Matchbox Twenty rocks over rivals

By Byron Vierk
Staff Writer


Friday, February 28, 2003

Bands like Matchbox Twenty and Third Eye Blind caused a pop rock revival in the late nineties, each group producing multi-platinum and hit-laden albums.

Since that time, both groups, especially Matchbox Twenty, have spawned legions of imitators, but no single group has ever been able to replicate the success that Matchbox Twenty and Third Eye Blind currently enjoy.

On their newest album, “More Than You Think You Are,” Matchbox Twenty not only produced a solid album, but proved why they are light-years ahead of their pop rock rivals both in talent and musicianship. The album is traditional Matchbox Twenty material: harder, more testosterone friendly rockers, mixed with thoughtful, though sometimes sappy, ballads. However, its the rock songs on “More” that drive the album. Every song with an edge on the album is turned up to eleven and powered by heavily distorted guitar and drum.

Rob Thomas, Matchbox'’s lead singer, always seems to write better lyrics when he has the help of a rock legend (see Santana’'s collaboration with Rob Thomas, “Smooth” and all the Grammys it won). On “"Disease”," the album’'s best song and first single, Mick Jagger of the Rolling Stones shares writing credit with Thomas. No wonder it rocks so hard.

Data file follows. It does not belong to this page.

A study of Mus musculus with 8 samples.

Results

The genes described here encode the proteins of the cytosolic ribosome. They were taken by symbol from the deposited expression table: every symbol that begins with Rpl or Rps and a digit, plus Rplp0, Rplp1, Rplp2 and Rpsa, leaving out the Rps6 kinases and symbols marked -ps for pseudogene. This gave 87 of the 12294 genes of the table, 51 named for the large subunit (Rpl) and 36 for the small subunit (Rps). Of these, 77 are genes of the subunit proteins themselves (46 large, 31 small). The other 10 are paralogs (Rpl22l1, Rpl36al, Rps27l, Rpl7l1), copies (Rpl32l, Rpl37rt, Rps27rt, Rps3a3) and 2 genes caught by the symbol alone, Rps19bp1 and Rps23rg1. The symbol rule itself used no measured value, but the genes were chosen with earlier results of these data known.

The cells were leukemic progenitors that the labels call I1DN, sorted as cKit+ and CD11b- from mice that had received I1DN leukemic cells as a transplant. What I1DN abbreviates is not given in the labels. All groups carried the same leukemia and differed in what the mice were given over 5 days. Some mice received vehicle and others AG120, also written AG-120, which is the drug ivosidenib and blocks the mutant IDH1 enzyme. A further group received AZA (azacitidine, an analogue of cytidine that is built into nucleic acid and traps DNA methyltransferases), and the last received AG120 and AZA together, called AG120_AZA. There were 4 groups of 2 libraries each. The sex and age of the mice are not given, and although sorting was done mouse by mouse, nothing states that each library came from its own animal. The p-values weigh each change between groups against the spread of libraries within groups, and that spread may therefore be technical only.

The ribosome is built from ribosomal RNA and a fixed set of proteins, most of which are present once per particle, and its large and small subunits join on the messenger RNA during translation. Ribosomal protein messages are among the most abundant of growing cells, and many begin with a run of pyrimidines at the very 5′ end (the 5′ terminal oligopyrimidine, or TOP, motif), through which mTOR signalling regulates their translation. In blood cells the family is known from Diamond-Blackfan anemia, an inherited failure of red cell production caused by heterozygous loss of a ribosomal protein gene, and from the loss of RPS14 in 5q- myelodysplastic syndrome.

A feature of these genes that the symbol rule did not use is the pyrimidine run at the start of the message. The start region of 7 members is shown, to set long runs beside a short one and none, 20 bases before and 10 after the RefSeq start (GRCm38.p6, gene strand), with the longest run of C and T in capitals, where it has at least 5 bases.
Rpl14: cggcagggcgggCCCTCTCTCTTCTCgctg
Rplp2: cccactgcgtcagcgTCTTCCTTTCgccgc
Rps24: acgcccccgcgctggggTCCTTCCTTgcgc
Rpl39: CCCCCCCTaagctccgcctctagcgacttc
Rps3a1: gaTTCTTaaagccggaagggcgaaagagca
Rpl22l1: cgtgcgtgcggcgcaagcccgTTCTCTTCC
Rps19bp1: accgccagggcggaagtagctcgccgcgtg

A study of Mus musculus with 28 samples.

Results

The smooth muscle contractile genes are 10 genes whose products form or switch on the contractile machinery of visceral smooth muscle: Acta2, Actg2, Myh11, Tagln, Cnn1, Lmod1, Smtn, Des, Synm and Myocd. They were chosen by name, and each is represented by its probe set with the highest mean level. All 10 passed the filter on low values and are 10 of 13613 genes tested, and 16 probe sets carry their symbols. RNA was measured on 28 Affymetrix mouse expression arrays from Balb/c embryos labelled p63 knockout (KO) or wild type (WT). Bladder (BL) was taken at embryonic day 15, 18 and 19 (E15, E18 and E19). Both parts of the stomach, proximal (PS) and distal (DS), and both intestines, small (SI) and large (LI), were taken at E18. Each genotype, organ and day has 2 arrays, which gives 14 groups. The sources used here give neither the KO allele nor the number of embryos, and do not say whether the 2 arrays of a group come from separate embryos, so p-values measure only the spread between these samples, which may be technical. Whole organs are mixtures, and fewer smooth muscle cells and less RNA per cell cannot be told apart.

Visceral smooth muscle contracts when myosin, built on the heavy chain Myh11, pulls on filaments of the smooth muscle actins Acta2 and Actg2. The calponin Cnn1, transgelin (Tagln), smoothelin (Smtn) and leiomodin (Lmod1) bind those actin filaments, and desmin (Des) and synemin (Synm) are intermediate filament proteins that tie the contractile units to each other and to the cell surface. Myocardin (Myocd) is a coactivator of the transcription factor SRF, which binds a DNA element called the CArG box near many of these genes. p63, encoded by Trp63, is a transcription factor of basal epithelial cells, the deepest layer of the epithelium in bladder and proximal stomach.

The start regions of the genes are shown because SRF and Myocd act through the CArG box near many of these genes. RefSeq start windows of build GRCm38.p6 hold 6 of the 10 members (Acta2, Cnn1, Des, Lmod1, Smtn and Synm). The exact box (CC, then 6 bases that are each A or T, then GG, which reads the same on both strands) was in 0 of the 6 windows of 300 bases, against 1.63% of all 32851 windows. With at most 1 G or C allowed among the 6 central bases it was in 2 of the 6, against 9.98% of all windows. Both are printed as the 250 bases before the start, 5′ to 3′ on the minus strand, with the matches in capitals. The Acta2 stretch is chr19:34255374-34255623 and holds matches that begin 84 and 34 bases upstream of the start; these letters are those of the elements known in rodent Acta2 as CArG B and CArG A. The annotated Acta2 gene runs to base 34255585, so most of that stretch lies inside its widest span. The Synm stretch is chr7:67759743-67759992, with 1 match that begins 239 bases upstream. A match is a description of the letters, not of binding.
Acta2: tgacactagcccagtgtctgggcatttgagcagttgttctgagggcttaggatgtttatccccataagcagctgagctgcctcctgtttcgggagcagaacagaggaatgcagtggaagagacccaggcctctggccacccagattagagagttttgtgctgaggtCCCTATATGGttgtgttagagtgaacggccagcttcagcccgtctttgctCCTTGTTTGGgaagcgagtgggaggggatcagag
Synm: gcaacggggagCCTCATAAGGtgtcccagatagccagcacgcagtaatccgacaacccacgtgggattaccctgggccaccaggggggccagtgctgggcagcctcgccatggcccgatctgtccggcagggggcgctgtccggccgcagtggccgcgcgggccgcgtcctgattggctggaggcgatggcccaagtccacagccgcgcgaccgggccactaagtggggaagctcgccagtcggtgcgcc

Of course, Thomas hasn’'t lost his penchant for sappy little ballads, but he has finally learned what works and what doesn’'t in slow rock. “"Unwell,”" with its banjo licks and slide guitar, is a perfect rock ballad that almost hits Alan Jackson or Tim McGraw territory. The chorus is one of the best Thomas has written in years, and it flows along much better than Thomas’'s last major ballad, “"If You’'re Gone.”"

That said, the album is not all guitar fire and pop/rock passion. “"Bright Lights" sounds like every mid-tempo late 90’s rock song ever made, and its derivative nature sours the beginning of the album. “"Could I Be You"” has the same effect on the album’'s close, ending a string of good to great songs and making you wonder whether Matchbox Twenty has learned anything from its successes and failures.

Whether it's cathartic or not, “"The Difference"” is a fine song to close out the album. Rob Thomas’s voice has truly improved over the years, and his ability to finally convey the emotions he wants through his singing as well as his lyrics truly adds a new dimension to Matchbox Twenty.

Rob Thomas sings, “"For all you know/this could be/The difference between what you need/ and what you want to be.”" His band has all it needs to reclaim its spot atop the charts and at the forefront of the pop rock world it used to dominate. The question is, do they want to be more than the critics think they are?